Saturday, May 19, 2007

Holy Sepulchre

Somehow it never happened until now. Today we drove to the old city of Jerusalem and this time, apart from visiting the Western Wall, for the first time in my life, after so many missed opportunities: I visited the Church of the Holy Sepulchre.
My old schoolmaster would have been proud of me, maybe hoping my soul is yet to be recovered for Christendom, but no such luck.
Just as the Kotel looks to me like a mere bunch of stones, the church of the HS looks like a dilapidated, anachronistic smudge. If I liked being there, it is only because it spoke to me on whole different level -- nothing religious or even spiritual.

What a weird place it is. A dark, amorphous dungeon, with numerous alleyways and niches and shady parlors on worn flagstones and filled with tourists, gazing pilgrims and the odd priest looking more like a prop from an Indiana Jones film than a proper priest. For example there was this crooked, young looking, skinny priest, with a long black beard and a crocheted black head garment. He had set up shop with a huge host of religious trumpery, almost impossible to make out, for there was so little light in his cramped alcove. He was devoutly praying in the way of a religious Jew from a prayer book with Arab script.
An Armenian priest with black robes and upside down top hat was energetically managing the entries into the Tomb itself, while chewing tobacco, or otherwise jawing and spitting about. Some pilgrims looked distinctly out of place, such as the Russian lady with flashing red outfit befitting a brothel, rather than a Church, or Dutch pedestrians, seated on the stairs in a yogi pose.

This looks nothing like the kind of Christianity I grew up with. Well, I know that, I am prepared for that. Never, when I visit some Christian site in Israel, I find light and sober Calvinist churches. If it looks like anything I once associated with something proper, it is the Roman Catholic stuff you find for example in Nazareth and on Mount Tabor. Over the years I have come to know also a little bit better the Greek style, not just in Israel, also as a result of journeying Greece. However, this looked not even much like that. The odd icon, perhaps, but it was all too dark and dirty. It was Armenian mostly -- with the Armenian script also dominating the walls around the tomb. And I had the strange praying priest pegged as a Syrian.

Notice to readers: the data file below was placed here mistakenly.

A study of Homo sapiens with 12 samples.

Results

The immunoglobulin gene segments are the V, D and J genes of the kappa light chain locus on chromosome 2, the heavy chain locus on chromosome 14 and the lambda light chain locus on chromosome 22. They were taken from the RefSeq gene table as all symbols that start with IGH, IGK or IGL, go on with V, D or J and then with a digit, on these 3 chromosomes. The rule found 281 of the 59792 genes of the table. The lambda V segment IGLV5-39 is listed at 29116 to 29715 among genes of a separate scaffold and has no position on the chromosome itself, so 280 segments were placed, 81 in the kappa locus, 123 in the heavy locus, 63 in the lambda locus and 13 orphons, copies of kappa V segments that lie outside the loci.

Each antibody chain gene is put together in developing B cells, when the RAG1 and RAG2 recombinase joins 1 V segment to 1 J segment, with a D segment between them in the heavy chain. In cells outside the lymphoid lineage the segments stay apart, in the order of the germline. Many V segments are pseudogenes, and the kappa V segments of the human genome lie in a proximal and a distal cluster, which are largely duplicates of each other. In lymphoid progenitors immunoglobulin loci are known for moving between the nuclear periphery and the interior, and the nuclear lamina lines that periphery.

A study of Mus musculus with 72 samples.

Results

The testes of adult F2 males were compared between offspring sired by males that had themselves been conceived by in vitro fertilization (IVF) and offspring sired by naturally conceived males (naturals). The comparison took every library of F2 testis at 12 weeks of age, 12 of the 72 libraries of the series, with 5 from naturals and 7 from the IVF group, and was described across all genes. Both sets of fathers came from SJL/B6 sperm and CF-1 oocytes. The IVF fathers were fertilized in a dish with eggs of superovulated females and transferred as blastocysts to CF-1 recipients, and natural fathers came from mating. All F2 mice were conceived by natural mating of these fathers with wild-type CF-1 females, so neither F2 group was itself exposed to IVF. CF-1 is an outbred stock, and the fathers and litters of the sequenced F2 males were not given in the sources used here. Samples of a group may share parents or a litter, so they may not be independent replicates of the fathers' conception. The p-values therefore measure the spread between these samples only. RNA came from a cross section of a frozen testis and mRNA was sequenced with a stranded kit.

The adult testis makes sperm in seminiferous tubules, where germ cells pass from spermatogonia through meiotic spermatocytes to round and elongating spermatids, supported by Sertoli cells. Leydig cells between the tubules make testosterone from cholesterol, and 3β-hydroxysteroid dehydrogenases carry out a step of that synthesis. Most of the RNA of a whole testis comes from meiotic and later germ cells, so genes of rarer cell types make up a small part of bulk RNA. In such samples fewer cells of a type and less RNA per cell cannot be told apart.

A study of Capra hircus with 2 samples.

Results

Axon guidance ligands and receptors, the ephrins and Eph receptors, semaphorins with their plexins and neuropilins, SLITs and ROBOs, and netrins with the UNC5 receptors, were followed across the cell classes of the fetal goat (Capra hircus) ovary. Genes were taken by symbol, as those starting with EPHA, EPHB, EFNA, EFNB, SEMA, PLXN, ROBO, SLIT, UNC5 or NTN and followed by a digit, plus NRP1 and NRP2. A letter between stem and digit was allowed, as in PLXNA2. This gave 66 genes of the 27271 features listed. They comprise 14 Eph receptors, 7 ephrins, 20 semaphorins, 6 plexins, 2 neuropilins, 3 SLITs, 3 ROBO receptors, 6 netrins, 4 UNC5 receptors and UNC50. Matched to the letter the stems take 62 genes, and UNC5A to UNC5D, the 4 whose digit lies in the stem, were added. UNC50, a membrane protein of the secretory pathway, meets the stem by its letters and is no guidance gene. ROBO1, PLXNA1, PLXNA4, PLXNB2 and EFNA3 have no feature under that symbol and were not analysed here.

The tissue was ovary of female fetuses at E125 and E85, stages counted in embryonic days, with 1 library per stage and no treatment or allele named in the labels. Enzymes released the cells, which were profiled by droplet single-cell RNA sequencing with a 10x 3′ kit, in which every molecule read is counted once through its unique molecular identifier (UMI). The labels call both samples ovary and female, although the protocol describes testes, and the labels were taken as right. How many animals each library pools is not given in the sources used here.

I am probably not going to be moved either, if it would have been Calvinists running the show, simply because I have strayed from the path too much. Apparently I am not susceptible to the mumbo-jumbo that is attached to Holy Sites. What struck me though and had me fascinated was how thoroughly Un-European this site is. If you think Christianity is a European faith, look at this holiest of holiest of it and you see nothing of it. Well, I suppose the majority of Christians aren't even Europeans, but if so, they are Africans, Asians, South-Americans, but this was not their atmosphere either. This was the atmosphere of where the Church originated: the Middle-East, or more precisely, where the Church as an institution originated: the Eastern Roman Empire. I felt as if I were in Constantinople before 1453 or even before 1099, before the Latin Kingdom of Jerusalem. That is what fascinated me.